Are omega-3 fatty acids safe and effective in acute pancreatitis or sepsis? A systematic review and meta-analysis.
Clin Nutr. 2019 Dec 16. Epub 2019 Dec 16. PMID: 31959476
Daniel R J Wolbrink
BACKGROUND: Acute pancreatitis (AP) is marked by a strong pro-inflammatory response, which may cause a systemic inflammatory response syndrome (SIRS), organ failure, and death. Early administration of omega-3 fatty acids (FA) may reduce the pro-inflammatory response and improve outcome in AP. A systematic review focusing on the safety and efficacy of omega-3 FA in AP is lacking.
AIM: Evaluate the safety and efficacy of an intervention with omega-3 FA in acute pancreatitis and additionally in sepsis.
METHODS: A systematic review and meta-analysis was performed using the PubMed, Embase, and Cochrane databases including only randomized controlled trials in AP and, for safety endpoints, in sepsis investigating intervention including omega-3 FA without other active components (e.g. addition of glutamine to the intervention). The primary outcome was mortality.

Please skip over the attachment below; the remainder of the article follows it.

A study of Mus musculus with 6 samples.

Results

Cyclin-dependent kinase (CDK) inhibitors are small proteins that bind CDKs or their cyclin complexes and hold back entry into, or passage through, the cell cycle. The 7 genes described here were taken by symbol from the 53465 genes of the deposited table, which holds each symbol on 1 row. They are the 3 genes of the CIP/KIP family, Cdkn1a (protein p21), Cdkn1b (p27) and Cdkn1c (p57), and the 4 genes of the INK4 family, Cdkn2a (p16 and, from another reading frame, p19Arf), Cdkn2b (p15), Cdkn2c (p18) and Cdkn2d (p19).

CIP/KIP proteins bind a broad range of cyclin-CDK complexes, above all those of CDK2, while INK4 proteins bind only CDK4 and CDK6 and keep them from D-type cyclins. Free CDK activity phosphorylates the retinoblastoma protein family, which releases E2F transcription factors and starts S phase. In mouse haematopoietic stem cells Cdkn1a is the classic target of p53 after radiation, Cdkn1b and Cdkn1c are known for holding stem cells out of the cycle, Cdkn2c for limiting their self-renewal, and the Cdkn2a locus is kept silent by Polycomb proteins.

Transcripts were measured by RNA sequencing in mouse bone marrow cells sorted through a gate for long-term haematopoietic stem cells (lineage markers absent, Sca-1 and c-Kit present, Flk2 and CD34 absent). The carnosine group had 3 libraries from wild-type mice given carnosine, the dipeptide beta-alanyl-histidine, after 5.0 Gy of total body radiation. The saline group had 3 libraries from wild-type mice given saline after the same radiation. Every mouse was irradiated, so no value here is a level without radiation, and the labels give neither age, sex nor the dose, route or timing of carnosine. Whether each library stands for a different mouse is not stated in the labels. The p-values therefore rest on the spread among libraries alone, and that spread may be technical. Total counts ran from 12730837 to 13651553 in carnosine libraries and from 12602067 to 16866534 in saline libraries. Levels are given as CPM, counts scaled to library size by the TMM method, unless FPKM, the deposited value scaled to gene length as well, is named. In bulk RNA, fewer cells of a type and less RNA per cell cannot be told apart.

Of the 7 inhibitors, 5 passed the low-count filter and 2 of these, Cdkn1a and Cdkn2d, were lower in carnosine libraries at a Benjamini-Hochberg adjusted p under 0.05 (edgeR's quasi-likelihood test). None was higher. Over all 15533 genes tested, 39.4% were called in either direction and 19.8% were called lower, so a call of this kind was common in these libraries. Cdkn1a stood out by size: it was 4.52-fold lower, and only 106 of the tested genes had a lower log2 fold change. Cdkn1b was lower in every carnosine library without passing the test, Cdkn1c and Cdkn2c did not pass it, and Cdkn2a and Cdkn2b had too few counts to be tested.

RESULTS: After screening 1186 studies, five randomized trials (n = 229) with omega-3 FA in AP were included. In AP patients treated with omega-3 FA within 48 h after hospitalization, a non-significant reduction of mortality was seen (OR 0∙50, 95%CI 0∙13-1∙99, p = 0∙33), compared to controls. In two studies (n = 85), omega-3 FA reduced the risk ofnew onset of organ failure (OR 0∙33, 95%CI 0∙12-0∙93, p = 0∙04). Nine randomized trials with 312 patients suffering from sepsis (not pancreatitis related) demonstrated a reduced mortality (OR 0∙52, 95%CI 0∙28-0∙97, p = 0·04). None of these 14 randomized trials reported safety concerns.
CONCLUSIONS: Administration of omega-3 FA could reduce the risk of new-organ failure in patients with AP. There were no safety issues reported of the early administration of omega-3 FA in any of the included studies. To show the real clinical benefit of omega-3 FA in AP, a large and pragmatic randomized controlled trial is needed.